Students’ selfie with Ai Weiwei at Royal Academy

Friday, 02 October 2015
Students’ selfie with Ai Weiwei at Royal Academy

Whilst at the Royal Academy of Arts, the Year 10 students and Head of Art, Juley Hudson, bumped into John Snow interviewing the Chinese artist Ai Wei Wei prior to the opening of his show. Channel 4 news filmed the encounter and the footage was used for the special news programme on the 14th September 2015. If you didn’t see it then, you can watch it here : Enjoy the video, it’s a great interview! He even requested a selfie with the students, which he promptly uploaded to his Instagram account!

About Ai Wei Wei

From surveillance cameras to smashed ceramics, Ai Weiwei is uncompromising in his fight for the freedom of expression.

“Art is not an ending it is a beginning”
“I think art certainly is the vehicle for us to develop any new ideas, to be creative, to extend our imagination, to change the current conditions”

His father was a famous poet : Ai Weiwei was born into China’s cultural avant-garde, his mother a writer and his father an artist and activist. But after Ai Qing returned to Shanghai from studying painting in Paris in 1932, he was jailed for leftist leanings by the Nationalist government. Unable to paint in prison, by the time he was released three years later he was famed for the poetry he had written behind bars – now considered a pillar of Modern Chinese literature. Read Ai Qing’s obituary in the Independent

He grew up in exile: Ai Weiwei’s first 20 years were spent in harsh confinement – now at the hands of the Communist government. Ai Weiwei’s father had joined the Communist Party after his release from prison, and become a confidante and poet to Mao Zedong as the People’s Republic of China was founded. But in 1957, the year Ai Weiwei was born, such literary expressions were deemed threatening and Ai Qing was denounced as a rightist. Banned from writing and exiled first to north eastern China then to the north west, he was forced into hard labour while the family lived in an underground, rat-ridden shed. Education was scarce for Ai; his father’s extensive collection of books was burned, but for one French encyclopaedia which he’d annotate and relay to his son. The family were only allowed to resettle in Beijing 20 years later, when Mao died in 1976.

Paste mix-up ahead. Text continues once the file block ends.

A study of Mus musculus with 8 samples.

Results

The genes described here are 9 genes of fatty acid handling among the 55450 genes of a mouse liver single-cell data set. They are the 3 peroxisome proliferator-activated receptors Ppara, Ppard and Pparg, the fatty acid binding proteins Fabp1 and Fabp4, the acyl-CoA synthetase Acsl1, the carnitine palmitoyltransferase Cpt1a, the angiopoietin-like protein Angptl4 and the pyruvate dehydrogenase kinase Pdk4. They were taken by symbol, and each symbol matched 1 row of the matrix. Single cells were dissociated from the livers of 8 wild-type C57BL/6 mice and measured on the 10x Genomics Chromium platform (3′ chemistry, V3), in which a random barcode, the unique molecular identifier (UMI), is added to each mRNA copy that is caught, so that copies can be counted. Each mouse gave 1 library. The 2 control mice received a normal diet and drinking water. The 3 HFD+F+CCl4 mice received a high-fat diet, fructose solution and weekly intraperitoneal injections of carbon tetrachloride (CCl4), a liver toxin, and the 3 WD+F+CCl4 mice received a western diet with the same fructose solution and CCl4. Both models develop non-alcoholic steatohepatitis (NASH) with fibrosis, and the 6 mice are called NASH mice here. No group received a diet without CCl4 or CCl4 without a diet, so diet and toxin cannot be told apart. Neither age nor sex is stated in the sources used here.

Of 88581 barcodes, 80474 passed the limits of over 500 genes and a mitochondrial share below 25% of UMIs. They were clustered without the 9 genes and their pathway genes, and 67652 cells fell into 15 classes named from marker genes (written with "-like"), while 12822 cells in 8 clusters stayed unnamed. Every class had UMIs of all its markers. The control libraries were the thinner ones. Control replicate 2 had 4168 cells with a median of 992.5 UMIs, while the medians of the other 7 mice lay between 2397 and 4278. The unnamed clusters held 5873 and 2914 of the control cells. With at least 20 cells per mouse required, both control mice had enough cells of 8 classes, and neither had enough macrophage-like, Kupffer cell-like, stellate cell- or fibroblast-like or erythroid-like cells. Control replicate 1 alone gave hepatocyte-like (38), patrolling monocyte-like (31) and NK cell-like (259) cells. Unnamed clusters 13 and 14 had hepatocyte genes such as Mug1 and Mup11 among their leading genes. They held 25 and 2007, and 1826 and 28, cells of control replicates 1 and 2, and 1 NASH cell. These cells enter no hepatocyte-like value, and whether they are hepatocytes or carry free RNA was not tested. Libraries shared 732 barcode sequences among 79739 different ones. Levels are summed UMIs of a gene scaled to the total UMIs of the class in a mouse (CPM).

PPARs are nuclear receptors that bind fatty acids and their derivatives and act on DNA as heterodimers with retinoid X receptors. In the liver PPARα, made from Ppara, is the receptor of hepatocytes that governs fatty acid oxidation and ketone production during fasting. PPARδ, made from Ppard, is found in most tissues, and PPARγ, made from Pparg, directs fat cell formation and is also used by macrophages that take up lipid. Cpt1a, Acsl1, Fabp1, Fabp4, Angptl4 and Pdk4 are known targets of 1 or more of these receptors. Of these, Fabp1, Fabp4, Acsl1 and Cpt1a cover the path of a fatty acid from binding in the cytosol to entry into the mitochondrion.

The most daring artist in China: Ai has campaigned for human rights since his student days – his Beijing troupe of artist-activists,The Stars, were getting their exhibitions shut down by police as early as 1979 – but it was in 2008 that he reached a global audience. Following Sichuan’s devastating earthquake, the artist attempted to name all the children who were killed due to substandard construction of their schools, while the government remained silent. He eventually published a list of over 5000 online – which saw his volunteers arrested, his blog shut down and a brutal beating for Ai. Nonetheless, he went on to make Straight, 2008-2012, a 90-tonne assemblage of reinforcing steel bars reclaimed from the site of the collapsed buildings and hammered back straight.